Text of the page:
HARRISBURG – Pennsylvania Capital Star is reporting… Pennsylvania would have a massive budget deficit within three years under Gov. Josh Shapiro’s proposed 2023-24 budget, the ranking Republican member of the state House Appropriations Committee said Wednesday. Rep. Seth Grove, of York County, outlined House Republicans’ priorities in upcoming budget negotiations and hearings in a news conference where he said Shapiro’s budget plan obscures growth in spending – and uses an overly optimistic estimate for expenditures in coming years. Shapiro’s $44.4 billion spending plan masks a structural deficit by drawing more than $2 billion from the state’s nearly $6 billion surplus, Grove said.
That continues a practice in place since former GOP Gov. Tom Corbett’s administration, Grove said, of using windfalls, such as the state’s share of tobacco settlement funds, to balance the budget. All those gimmicks … mask that reality of a $2 billion deficit, structural deficit within the budget, and it’s something that needs to be addressed, the sooner the better, because it just will continue to get worse. “We’ve had billions of federal dollars come into the commonwealth …” Grove said, referring to the pandemic-era federal aid . “That’s why we have such a high surplus and rainy day fund currently.” “All those gimmicks … mask that reality of a $2 billion deficit, structural deficit within the budget, and it’s something that needs to be addressed, the sooner the better, because it just will continue to get worse,” Grove said.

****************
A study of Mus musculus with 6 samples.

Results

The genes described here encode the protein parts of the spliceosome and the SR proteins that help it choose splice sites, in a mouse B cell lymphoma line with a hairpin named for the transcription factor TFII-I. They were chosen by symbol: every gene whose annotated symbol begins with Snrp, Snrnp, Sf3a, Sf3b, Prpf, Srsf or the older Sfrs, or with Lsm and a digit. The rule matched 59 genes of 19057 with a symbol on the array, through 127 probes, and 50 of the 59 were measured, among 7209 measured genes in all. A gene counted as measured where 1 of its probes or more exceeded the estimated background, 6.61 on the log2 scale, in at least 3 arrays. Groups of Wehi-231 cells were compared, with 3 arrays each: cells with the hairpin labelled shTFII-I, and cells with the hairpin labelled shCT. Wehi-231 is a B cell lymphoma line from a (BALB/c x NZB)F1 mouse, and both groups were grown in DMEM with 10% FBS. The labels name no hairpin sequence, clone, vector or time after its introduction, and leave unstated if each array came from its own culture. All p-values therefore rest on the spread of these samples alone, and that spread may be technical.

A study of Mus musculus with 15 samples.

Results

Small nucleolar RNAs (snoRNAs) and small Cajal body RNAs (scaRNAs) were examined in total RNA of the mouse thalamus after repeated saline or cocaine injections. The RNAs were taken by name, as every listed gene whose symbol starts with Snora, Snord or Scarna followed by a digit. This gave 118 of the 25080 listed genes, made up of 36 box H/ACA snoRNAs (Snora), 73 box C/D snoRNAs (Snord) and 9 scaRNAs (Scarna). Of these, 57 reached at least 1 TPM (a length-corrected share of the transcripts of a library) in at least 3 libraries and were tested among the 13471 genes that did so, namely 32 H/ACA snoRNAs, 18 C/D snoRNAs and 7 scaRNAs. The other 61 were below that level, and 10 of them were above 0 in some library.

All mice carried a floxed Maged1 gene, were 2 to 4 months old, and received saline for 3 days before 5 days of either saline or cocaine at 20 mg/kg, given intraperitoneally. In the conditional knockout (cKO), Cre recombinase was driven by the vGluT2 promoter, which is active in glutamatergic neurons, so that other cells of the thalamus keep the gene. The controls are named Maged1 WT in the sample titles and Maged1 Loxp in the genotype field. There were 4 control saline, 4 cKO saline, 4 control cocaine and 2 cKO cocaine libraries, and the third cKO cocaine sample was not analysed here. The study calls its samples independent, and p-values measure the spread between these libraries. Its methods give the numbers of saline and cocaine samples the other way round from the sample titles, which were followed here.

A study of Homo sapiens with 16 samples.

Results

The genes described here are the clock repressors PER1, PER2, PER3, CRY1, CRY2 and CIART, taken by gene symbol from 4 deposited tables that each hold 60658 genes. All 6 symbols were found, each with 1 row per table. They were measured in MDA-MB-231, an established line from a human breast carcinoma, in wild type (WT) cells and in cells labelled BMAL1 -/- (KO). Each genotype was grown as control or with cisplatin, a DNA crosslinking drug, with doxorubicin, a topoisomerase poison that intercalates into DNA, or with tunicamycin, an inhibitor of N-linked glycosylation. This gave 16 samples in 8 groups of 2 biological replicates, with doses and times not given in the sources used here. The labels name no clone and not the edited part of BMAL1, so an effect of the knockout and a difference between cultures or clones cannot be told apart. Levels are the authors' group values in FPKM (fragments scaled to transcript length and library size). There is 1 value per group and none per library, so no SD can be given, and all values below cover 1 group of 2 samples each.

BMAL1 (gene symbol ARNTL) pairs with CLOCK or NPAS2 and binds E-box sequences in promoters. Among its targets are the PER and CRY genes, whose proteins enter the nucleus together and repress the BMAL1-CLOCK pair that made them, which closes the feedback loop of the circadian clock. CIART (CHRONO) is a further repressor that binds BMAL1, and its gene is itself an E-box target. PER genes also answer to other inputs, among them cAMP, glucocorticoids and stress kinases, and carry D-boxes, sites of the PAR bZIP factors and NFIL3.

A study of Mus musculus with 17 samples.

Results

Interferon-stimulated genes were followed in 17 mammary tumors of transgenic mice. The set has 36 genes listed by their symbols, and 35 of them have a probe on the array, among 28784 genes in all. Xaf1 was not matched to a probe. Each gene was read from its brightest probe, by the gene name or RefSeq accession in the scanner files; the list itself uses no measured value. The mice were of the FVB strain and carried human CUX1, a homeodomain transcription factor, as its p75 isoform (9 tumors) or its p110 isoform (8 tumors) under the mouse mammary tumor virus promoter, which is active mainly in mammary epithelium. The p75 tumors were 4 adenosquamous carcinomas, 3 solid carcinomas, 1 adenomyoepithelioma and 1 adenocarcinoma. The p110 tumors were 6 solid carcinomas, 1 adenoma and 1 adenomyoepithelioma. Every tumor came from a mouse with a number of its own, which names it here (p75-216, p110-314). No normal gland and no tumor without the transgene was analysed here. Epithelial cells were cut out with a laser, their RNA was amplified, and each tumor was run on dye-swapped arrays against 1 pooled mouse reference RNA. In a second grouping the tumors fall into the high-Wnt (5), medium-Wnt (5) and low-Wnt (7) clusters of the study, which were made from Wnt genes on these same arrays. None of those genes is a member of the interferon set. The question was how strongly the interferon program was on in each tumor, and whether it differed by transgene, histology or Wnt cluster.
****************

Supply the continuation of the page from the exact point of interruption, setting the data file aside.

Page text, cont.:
Shapiro spokesperson Manuel Bonder said Shapiro’s proposal is a commonsense plan that provides solutions to the most pressing needs of Pennsylvania residents. “In keeping with the governor’s track record of fiscally responsible leadership, this budget is built around conservative revenue estimates – using projections that are $3 billion lower over the next five years than those of the always-cautious Independent Fiscal Office,” Bonder said. Bonder added: “The governor looks forward to working with the Democratic-led House and the Republican-led Senate to deliver on these commonsense solutions for all Pennsylvanians.” Grove commended Shapiro’s proposed investments in career and technical education, expansion of the state police, and hiring of more Department of Environmental Protection inspectors to expedite permit reviews.
But he added that he and fellow Republicans will be looking for accountability. “If we’re going to give them more money to hire new staff, we do expect a point in time where these permits will be done,” Grove said. Assuming spending continues to grow at 6%, which Grove said is a more realistic figure than Shapiro’s projections, the deficit could top $10 billion in five years. At the same time, Grove said he is pessimistic about economic growth in the state. Shapiro’s plan to accelerate the reduction of the corporate net income tax and to streamline the environmental permitting process are a good start. Grove said those measures alone won’t be able to reverse decades of job and population losses.